Archive for April, 2009

Bhutan – up, up and away

Thursday, April 16th, 2009

The land of the thunder dragon is indeed a very different Asian experience. With rare exceptions, you will not be allowed to travel on your own so will find yourself at the same watering holes (festivals, tourist menus, treks) as the other handfuls of tourists currently in the country. I was extremely lucky to rate an invitation and therefore with my hosts could find and frequent places recommended below.

Arrival by air: Druk Air only. A picturesque small airport nestled within the town, and 45 minutes of curving road to Thimphu. The r/t flight from Bangkok is $815, so why not upgrade to business for another $100. Try to be seated on the left for incredible views of the mountains. Atlas Travel Services – atlas@druknet.bt – offered efficient and pleasant service. Smoking is not allowed in Bhutan, but you are allowed to bring in a few packs of cigarettes for personal misuse. If you’re used to wine with dinner, bring in a bottle or two of your own from the dutyfree shops in Bangkok airport. Local supply is iffy.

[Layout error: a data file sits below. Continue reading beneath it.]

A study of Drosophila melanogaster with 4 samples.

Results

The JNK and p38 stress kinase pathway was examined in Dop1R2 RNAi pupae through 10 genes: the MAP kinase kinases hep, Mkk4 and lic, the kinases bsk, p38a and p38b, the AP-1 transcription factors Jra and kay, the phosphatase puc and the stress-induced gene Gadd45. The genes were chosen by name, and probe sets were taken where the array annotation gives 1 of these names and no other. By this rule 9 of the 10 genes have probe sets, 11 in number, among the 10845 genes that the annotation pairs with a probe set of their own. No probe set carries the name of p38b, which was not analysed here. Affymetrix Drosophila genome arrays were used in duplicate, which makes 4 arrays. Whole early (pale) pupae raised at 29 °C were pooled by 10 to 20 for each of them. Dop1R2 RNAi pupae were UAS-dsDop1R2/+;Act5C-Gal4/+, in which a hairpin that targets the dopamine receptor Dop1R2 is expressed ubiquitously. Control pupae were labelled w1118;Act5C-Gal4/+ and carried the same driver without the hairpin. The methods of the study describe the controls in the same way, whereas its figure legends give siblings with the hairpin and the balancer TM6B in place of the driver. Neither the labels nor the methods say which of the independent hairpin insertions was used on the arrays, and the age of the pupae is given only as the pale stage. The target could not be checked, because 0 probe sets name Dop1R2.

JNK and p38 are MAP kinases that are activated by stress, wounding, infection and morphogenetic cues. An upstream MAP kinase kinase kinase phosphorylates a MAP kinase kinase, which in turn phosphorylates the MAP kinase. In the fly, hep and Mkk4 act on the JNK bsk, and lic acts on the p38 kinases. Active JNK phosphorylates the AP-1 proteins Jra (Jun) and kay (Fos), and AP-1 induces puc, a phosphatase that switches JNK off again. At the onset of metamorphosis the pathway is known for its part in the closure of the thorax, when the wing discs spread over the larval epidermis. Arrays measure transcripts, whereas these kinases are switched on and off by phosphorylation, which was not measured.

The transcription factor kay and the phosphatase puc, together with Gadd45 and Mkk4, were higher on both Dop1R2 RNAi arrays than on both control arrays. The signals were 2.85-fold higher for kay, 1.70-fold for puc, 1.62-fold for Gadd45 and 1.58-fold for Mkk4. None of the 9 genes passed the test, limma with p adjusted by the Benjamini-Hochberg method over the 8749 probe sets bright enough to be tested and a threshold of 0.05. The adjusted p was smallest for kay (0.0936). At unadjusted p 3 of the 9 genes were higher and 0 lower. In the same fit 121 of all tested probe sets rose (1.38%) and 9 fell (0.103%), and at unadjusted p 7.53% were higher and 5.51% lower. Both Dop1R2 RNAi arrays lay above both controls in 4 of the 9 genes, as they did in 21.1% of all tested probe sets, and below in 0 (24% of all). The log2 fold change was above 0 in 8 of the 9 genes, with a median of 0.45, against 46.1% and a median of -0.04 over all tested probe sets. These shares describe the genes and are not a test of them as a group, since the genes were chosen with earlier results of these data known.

Recommended Thimphu restaurants: MK restaurant, upstairs in Centerpoint Building (near Lugar Cinema) offers excellent Tibetan bhathup (minestrone) and momos; Cypress Restaurant, also in the center, serves delicious Indian thalis and chai;  Seasons is where you go for al fresco pizza, breakfasts and cake. Karma’s cafe is the only place for your caffeine fix – upstairs in Tashi Rabten building, above Zangthopelri complex, tel 17181920. 

Outside Thimphu: I passed up the Hotel Zhiva Ling near Paro, with prices ranging from $350 – $600 per night (and my happiness quotient rose accordingly). The Kichu Resort, with locations both at Paro and at Wangdue, was a tranquil alternative at a fraction of the price, with the nearby river lulling us to sleep. In Punakha, we escaped the omnipresent set tourist lunch and ordered an adequate fish curry in the Kuenga Hotel. And if you are near the Wangdue Dzong (monastery) and feeling hungry, look for the unassuming ‘canteen’ in the alley just above the dzong, packed with locals, and dig in. 

Sights to see: the monasteries and fortresses – dzongs, lakhangs,;the mountains and forests; the unhurried and traditionally garbed people; the festivals (tshechus). Climbing to Takshang (Tigers’ Nest) is a high altitude achievement, but worth every gasp. Chimi Lakhang, the fertility monastery, is set in rice fields and supposedly efficacious.